C-Murder Challenges TLC for SoundScan Crown

Harlem World, Sugar Ray and Flatboy Slim Also Top Charts

March 18, 1999 12:00 AM ET

Make that three-for-three for TLC.

The R&B trio just locked up its third straight week at No. 1 on the nation's album chart, with Fanmail selling 203,000 copies for the week ending March 14, according to SoundScan. TLC held off No Limit rapper C-Murder, whose follow-up to last year's Life or Death, came in at No. 2. As usual with a release from Master P's label, C-Murder's Bossalinie came stocked with cameos, from Snoop Dog, Korupt, Nate Dogg, Goodie Mobb and P himself.

Harlem World, the new hip-hop project from Puffy's man Mase, also got lots of supporting help. The debut album, Movement, came in at No. 11, and features Mase and Kelly Price on the single "I Really Like It." Nas, Rashad, Jermaine Dupri and yes, the Harlem Boys Choir, also contribute.

Elsewhere, acts climbing the charts last week included Sugar Ray. Sugar Ray's 14:59, a tongue-in-cheek reference to its allotted fifteen minutes of fame, jumped to No. 20 on the strength of the band's No. 1 modern rock radio track, "Every Morning." The video is No. 11 at MTV.

Korn's six-month-old release, Follow the Leader, also continues to rise. Thanks to its top five video for "Freak on a Leash," Follow the Leader has jumped from No. 35 to No. 24 in two weeks time. Fatboy Slim is also in MTV's good graces. The music channel bestowed Buzz Worthy status on the hilarious "Praise You" clip. Fatboy's Slim's album, You've Come a Long Way Baby, has climbed from No. 62 to No. 48 in two weeks. (Not every act needs music videos to sell records, though. TLC has yet to make a video from their No. 1 album.)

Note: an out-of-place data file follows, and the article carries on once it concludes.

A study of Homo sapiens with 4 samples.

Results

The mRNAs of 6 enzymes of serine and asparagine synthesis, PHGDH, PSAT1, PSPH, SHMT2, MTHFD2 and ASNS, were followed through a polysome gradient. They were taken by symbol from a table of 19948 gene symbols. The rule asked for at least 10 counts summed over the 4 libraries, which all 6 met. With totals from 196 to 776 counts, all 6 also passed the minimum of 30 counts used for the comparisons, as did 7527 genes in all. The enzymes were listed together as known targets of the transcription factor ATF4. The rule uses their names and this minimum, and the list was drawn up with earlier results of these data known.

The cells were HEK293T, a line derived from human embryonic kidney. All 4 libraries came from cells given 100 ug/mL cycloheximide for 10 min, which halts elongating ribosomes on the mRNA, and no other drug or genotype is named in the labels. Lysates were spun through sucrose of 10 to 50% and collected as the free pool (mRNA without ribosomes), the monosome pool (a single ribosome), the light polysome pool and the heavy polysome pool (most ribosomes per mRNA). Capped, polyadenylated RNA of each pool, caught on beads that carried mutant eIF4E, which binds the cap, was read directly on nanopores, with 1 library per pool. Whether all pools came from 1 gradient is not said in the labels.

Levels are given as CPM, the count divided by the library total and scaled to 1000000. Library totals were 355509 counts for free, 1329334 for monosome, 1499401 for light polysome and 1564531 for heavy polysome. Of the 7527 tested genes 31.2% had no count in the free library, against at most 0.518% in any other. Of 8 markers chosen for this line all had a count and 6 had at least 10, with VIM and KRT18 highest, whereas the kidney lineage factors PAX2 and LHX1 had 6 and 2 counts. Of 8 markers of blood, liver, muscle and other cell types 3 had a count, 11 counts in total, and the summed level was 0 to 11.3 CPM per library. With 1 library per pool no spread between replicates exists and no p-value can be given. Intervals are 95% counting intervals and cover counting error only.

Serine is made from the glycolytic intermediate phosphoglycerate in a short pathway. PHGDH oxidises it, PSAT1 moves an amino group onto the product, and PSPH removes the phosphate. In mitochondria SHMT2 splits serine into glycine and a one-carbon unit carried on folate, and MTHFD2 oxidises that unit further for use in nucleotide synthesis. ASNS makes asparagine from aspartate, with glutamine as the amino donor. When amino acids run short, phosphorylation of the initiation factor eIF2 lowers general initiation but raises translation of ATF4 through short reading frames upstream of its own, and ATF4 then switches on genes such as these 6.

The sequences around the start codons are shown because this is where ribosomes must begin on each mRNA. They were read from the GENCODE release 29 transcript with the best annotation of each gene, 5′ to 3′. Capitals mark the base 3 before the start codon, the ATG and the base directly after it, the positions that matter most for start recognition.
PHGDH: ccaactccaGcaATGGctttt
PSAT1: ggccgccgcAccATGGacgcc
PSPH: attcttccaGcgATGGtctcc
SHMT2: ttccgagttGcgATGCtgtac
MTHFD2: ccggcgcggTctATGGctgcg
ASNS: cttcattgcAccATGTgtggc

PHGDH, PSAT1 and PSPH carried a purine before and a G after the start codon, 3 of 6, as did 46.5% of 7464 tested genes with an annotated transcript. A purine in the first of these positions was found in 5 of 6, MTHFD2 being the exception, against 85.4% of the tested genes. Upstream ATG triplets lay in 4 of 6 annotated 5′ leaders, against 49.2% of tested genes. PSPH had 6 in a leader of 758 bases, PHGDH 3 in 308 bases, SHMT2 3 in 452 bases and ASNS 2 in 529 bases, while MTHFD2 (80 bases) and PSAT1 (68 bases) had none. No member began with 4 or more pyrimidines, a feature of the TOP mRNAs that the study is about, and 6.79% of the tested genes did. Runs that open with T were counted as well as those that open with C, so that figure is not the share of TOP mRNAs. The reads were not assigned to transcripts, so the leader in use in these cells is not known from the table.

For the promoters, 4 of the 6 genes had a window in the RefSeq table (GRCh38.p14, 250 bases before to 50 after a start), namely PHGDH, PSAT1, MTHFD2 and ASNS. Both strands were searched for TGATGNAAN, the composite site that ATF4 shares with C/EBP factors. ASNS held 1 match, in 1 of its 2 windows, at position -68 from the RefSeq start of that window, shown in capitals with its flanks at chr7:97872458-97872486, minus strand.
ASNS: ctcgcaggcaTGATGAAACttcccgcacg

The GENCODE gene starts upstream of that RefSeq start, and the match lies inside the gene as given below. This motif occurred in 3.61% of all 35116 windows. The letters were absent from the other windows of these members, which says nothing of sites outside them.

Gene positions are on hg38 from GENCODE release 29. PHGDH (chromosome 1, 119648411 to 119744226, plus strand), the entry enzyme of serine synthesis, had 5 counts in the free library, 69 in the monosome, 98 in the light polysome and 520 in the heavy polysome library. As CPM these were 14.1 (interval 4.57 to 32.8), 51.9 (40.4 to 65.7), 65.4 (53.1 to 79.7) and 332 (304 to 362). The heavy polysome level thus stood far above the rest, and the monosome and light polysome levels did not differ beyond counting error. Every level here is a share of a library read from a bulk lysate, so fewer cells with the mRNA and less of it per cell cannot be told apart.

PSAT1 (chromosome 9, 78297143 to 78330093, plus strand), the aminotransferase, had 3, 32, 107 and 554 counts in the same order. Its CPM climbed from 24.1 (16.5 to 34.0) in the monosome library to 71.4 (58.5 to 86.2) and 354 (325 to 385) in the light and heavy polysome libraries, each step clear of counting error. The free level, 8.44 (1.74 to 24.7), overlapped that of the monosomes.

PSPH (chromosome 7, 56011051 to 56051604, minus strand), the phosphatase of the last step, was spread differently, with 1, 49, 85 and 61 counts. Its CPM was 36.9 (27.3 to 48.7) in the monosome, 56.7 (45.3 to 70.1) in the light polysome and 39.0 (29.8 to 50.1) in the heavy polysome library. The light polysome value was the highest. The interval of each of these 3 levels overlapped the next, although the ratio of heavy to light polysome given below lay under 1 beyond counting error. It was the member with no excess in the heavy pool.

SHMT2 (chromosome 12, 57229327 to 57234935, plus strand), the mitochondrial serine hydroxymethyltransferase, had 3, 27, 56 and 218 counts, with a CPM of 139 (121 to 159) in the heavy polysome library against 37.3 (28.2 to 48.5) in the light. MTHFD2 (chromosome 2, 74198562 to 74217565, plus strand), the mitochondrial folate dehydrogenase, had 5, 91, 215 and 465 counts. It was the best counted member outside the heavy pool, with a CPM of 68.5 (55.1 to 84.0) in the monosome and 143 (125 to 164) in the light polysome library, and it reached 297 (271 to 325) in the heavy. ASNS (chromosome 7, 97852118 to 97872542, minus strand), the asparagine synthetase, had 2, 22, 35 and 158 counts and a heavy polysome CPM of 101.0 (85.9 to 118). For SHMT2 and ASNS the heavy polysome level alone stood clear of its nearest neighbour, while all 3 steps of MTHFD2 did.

Meanwhile, six months ago who would have thought Cher would have two albums in the top 100? Last week she did just that as her surprise hit Believe remained in the top then while her new greatest hits package, If I Could Turn Back Time, debuted at No. 67.

From the top, it was Fanmail, followed by C-Murder's Bossalinie (selling 176,000 copies); Britney Spears' Baby One More Time (175,000); Eminem's The Slim Shady LP (172,000); Lauryn Hill's The Miseducation of Lauryn Hill (155,000); Shania Twain's Come On Over (121,000); Cher's Believe (103,000); the Dixie Chicks' Wide Open Spaces (97,000); the Offspring's Americana (95,000); and Everlast's Whitey Ford Sings the Blues (76,000).


“Money For Nothing”

Dire Straits | 1984

Mark Knopfler wrote this song with Sting, and it wasn’t without controversy. The Dire Straits frontman's original lyric used the word “faggot” to describe a singer who got their “money for nothing and their chicks for free.” Even though the slur was edited out in many versions, the band, and Knopfler, still took plenty of criticism for the term. “I got an objection from the editor of a gay newspaper in London--he actually said it was below the belt,” Knopfler told Rolling Stone. Still, "Money For Nothing," undoubtedly augmented by its innovative early computer-animated video, stayed at Number One for three weeks.